A veteran university professor frustrated with the tedium and time of grading papers has created a company that outsources the job to India.
With a dozen clients in academia and a thick skin, Dr. Chandru Rajam is prepared to weather the outrage EduMetry Inc. of Herndon, Va., has set off.
Virtual-TA, which hires offshore university-educated staff to assess, grade and comment on student assignments, is only one of the EduMetry services. But it is by far the most controversial.
“Our intent is not to cheapen or degrade the learning and teaching equation,”
Rajam told the Star. “We think there is a better model. We never outsource the responsibility, we’re just outsourcing the activity.
“I like to half-jokingly point out that a mother is outsourcing childcare to a daycare provider. If you can entrust the care of your infant to a third person, any form of outsourcing should be fair game.”
Since it was created five years ago, EduMetry has assembled a team of adjunct professors, retired teachers, “homemakers with masters’ degrees” and other university-educated staff, most in India but some in Singapore and Malaysia, to grade 2,000 student assignments a week. A selling point, said Rajam, is the extensive comments that accompany each grade – something graduate assistants and professors can seldom supply.
A professor at George Washington University, Rajam understands the wary response so far.
“The vast majority of the comments tend to be negative. We knew what we were in for at Day One. Nor do we claim our service is for everyone. If the student-teacher ratio is very manageable, such an institution has no need for our services. But there are a variety of higher education contexts, so I think there is a role for us.”
Among students, he said, “any apprehension at first blush goes away when they see the quality of the feedback.”
“Everyone who has ever had a college degree knows what it’s like to just get ‘good’ written in the margin and wonder what it means,” said Terri Friel, dean of the business school at Roosevelt University in Chicago. “This gives students a great deal more guidence.”
Friel used Virtual-TA at her previous university, Butler in Indianapolis. At Roosevelt, she has used one of EduMetry’s other programs.
“I consider Chandru a brilliant business man. His company offers something really unique.”
Virtual-TA graders are trained to compile reports for professors that point out overall problems as well as specific student errors, she said. “They can say, ‘Your students aren’t getting this concept.’ It’s a very nice system.”
A western Canadian college or university is among EduMetry’s dozen clients, but Rajam declined to identify it. The University of Houston director of business law and ethics, Lori Whisenant, is a client, as are professors at the University of Iowa College of Business Administration, West Hills Community College in Coalinga, Calif., Ohio Northern University and George Washington.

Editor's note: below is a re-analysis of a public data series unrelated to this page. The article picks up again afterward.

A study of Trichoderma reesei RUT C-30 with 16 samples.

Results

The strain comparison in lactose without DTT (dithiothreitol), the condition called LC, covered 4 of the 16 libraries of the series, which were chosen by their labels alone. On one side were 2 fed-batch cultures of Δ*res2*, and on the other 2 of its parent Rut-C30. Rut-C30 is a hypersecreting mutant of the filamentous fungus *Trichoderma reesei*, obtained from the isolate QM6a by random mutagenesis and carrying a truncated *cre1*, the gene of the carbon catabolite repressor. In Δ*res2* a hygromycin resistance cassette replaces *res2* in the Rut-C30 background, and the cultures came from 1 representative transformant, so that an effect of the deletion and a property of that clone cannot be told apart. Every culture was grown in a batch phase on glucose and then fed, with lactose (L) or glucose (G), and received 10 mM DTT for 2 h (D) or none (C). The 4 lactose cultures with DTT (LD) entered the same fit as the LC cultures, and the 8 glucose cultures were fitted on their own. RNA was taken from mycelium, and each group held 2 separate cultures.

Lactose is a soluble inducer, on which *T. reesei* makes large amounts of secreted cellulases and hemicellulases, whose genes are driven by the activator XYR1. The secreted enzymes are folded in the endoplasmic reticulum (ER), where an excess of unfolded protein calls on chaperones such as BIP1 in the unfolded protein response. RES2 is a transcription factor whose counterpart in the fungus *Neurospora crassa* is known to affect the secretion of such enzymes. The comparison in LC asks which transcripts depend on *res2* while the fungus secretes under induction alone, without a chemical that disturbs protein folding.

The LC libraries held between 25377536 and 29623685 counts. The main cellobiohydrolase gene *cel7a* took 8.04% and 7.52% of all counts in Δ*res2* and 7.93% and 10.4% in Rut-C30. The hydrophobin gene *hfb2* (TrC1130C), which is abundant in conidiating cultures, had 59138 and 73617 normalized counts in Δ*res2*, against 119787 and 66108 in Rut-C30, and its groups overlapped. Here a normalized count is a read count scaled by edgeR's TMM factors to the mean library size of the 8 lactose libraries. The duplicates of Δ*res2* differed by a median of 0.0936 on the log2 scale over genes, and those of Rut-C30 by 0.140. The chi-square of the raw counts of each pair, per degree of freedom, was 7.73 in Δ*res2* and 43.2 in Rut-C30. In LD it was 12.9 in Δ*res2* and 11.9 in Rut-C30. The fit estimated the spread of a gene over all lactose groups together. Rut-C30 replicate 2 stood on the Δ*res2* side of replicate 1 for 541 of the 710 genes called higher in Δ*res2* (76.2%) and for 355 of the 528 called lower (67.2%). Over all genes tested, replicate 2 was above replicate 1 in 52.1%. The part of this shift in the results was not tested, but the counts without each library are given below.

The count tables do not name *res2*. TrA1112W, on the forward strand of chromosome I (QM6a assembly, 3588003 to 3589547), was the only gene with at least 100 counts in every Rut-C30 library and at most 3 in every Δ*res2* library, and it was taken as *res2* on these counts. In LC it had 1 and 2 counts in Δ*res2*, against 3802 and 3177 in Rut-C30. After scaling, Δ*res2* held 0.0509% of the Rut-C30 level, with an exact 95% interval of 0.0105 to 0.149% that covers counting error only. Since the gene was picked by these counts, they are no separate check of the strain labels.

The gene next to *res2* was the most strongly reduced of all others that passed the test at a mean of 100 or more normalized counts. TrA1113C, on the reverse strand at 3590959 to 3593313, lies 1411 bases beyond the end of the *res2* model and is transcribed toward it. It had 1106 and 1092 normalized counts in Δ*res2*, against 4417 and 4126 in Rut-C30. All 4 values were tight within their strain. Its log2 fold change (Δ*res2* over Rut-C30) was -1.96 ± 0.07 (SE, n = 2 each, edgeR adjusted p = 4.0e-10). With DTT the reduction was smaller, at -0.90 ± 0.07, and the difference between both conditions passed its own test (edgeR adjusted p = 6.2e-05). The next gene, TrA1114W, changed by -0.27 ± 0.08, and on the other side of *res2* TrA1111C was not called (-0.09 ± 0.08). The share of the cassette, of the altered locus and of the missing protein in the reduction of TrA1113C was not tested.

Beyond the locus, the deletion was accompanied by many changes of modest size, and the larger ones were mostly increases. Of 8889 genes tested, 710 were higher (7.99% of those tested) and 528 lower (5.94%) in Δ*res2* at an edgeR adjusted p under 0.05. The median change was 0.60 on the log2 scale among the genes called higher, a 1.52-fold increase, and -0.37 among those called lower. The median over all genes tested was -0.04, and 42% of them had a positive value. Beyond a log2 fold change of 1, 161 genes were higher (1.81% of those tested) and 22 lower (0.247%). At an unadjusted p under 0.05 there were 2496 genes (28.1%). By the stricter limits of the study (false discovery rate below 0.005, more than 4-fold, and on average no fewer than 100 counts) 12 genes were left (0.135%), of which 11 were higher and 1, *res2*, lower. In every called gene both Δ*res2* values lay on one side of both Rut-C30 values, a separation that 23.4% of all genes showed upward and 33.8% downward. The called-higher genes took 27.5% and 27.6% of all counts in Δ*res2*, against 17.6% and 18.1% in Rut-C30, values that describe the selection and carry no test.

Whisenant’s seven teaching assistants had to wade through papers from 1,000 students each year.
“Our graders were great but they were not experts in providing feedback,” Whienant told The Chronicle of Higher Education about her teaching assistants. With Virtual-TA, “we’re working with professionals.”
Prices vary per course, but Virtual-TA estimates the program costs a university about $12 per student per assignment. Six assignments for 20 students would cost $1,440. EduMetry graders receive from $500 to $1,000 a month, depending on hours worked, according to GlobalPost, a news service.
EduMetry has developed a checklist for each professor that begins several weeks before a semester with a briefing on course content, the professor’s style and expectations, said Rajam. A grader will typically send an early run of papers back to a professor to see if the work is handled according to plan.
“As a business school professor, what I find is there are double standards,” said Rajam. “As long as outsourcing meant for the last 30 years only the flight of blue-collar jobs, that was okay. The moment it extends to knowledge work, immediately people get defensive. The idea that EduMetry can’t mark an English Composition 101 paper is ludicrous.”
Indeed, an article by the Chronicle on EduMetry generated nearly 100 comments, many angry that their work was devalued.
“This is race-to-the-bottom economic rationalism,”
wrote Raymond J. Ritchie. Students “are paying big tuition fees for an education in a Western country and they get marked by a call-in-centre in India! This idea is so cheap and nasty.”
“I don’t want to come across as disrespectful or painting with a large brush,” said Rajam. “The members of the academic profession who seem to have the greatest difficulty are not as cognizant of what’s going in the global economy. They are people who don’t have a deep understanding of the world today.”
Said Friel: “I also think grading is a very low level way of teaching. It’s not the best use of the brain power and talent of your professors. But this doesn’t mean you can’t go and read a student’s paper. I take exception to the people who think this takes everything away from them.”